What to expect when visiting the high street with a mobility impairment
19th May 2015
This news article is from Handicare UK. Articles that appear on this website are for information purposes only.
The high street can present disabled people and those with mobility restrictions with a number of obstacles, although there are many ways which these can be overcome. Even in today’s society, a large proportion of shops and establishments are yet to introduce accessible measures, with a recent study revealing that disabled shoppers are uncatered for by the high street. While this may be true, access to the high street is beginning to improve, and below are some ways in which it has been adapted to help those with mobility difficulties.
For some, just getting to the town centre can be tricky, but public transport can make life easier. Using the bus can be a great option, especially for those with disabled or pensioner passes, as the journey is free and there is no need to worry about parking. Certain councils and organisations are also able to offer services such as ring and ride, which provides a door-to-door minibus for people who are unable to get to town independently.
Car parks are required to have designated spaces for those with disabilities or walking impairments, and these are usually placed on the appropriate level of shopping centres, or near to the entrance of a supermarket. Also, those popping into town briefly will be able to park in certain locations with the use of a disabled badge displayed in the windscreen of the car.
Hiring mobility equipment
You will find that a large number of cities and larger towns will have a shop mobility scheme in place, meaning that those who do not own equipment such as mobility scooters or powered wheelchairs may be eligible to borrow them. Volunteer escorts can also be provided, in order to assist disabled and older people around the town centre, although these are usually required to be booked in advance.
Lifts and escalators
Shops with more than one floor often have the option of using an escalator, stairlift or elevator, with the latter being more useful for those in a wheelchair. It is wise to check with the shop assistants that there is also an escalator back to the bottom floor, as in some cases stores may only have these in one direction.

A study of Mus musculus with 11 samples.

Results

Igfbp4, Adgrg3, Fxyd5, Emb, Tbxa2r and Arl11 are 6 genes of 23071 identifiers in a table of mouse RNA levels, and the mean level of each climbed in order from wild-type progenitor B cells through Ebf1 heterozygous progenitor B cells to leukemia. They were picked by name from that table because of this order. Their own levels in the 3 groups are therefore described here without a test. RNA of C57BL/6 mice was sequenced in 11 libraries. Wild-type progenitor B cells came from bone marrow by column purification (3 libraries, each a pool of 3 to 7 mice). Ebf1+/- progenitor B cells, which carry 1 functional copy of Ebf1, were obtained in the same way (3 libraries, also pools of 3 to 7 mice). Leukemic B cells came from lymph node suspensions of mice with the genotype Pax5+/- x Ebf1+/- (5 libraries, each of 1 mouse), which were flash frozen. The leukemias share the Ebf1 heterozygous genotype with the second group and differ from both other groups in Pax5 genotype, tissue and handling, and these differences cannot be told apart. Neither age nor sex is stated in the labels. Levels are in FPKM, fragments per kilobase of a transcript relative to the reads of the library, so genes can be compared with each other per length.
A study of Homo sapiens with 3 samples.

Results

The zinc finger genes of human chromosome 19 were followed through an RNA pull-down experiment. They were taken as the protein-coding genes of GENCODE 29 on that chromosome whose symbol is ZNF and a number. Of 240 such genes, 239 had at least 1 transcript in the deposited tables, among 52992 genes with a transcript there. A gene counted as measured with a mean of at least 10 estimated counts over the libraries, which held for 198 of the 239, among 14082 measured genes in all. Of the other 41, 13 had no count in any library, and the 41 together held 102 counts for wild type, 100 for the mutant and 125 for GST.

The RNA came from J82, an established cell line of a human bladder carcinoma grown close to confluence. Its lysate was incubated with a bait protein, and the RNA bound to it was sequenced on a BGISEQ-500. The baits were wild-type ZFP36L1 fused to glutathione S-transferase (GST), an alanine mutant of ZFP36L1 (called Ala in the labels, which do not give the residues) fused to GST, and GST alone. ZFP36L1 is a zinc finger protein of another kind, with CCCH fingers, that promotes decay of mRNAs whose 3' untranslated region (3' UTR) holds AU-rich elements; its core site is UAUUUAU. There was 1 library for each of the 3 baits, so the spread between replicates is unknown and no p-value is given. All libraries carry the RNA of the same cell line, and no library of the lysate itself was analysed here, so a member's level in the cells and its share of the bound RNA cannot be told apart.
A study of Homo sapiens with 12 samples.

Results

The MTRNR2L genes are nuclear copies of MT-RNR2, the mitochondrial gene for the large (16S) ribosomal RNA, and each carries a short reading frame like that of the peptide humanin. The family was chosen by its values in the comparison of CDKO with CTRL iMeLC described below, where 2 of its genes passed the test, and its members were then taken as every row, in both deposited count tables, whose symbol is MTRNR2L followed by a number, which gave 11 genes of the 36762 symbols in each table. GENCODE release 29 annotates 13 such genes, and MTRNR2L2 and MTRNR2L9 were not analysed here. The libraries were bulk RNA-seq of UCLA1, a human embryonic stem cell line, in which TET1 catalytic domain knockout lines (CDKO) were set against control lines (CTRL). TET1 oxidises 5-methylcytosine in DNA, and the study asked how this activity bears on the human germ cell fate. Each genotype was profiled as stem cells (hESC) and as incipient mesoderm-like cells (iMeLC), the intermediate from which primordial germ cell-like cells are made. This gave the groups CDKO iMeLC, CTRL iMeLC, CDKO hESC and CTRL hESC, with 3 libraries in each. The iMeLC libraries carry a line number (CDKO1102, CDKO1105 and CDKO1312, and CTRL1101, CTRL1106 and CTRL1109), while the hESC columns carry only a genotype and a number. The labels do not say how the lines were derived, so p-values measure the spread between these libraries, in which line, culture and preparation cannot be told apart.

Specialised sound systems have been developed for those who are hard of hearing, using magnetic, wireless signals which can be picked up by hearing aids. Selected shops have these hearing loop systems, usually at till points, and this enables people with hearing aids to hear shop assistants more clearly. These will be visibly highlighted with the hearing loop sign, in order to indicate which have this feature.
Chip and pin machines
When paying for your purchases with a credit or debit card, it is most likely that you will be required to enter your pin on a machine. These are usually on cords or are completely wire free so that those in wheelchairs are able to reach without difficulty, and in most cases a customer assistant will be able to assist you with this.
Disabled changing rooms
Although not offered by all stores, disabled changing rooms can be found in certain retailers and these often provide more space, with a cord in case of an emergency. They are also usually equipped with handrails and seats, in order to make trying on garments as easy as possible. Although this may be considered an inconvenience, the majority of clothing shops will have a 28-day refund policy, allowing for you to take items away and try them on in the comfort of your own home.
While this isn’t strictly a tip for visiting the high street with a mobility impairment, more and more retailers are offering home delivery, including supermarkets. Options include next day delivery, and in some cases specific time slots can even be specified. Click and collect is also another popular option, which means that items can be browsed and ordered online, and then picked up from the store at your convenience.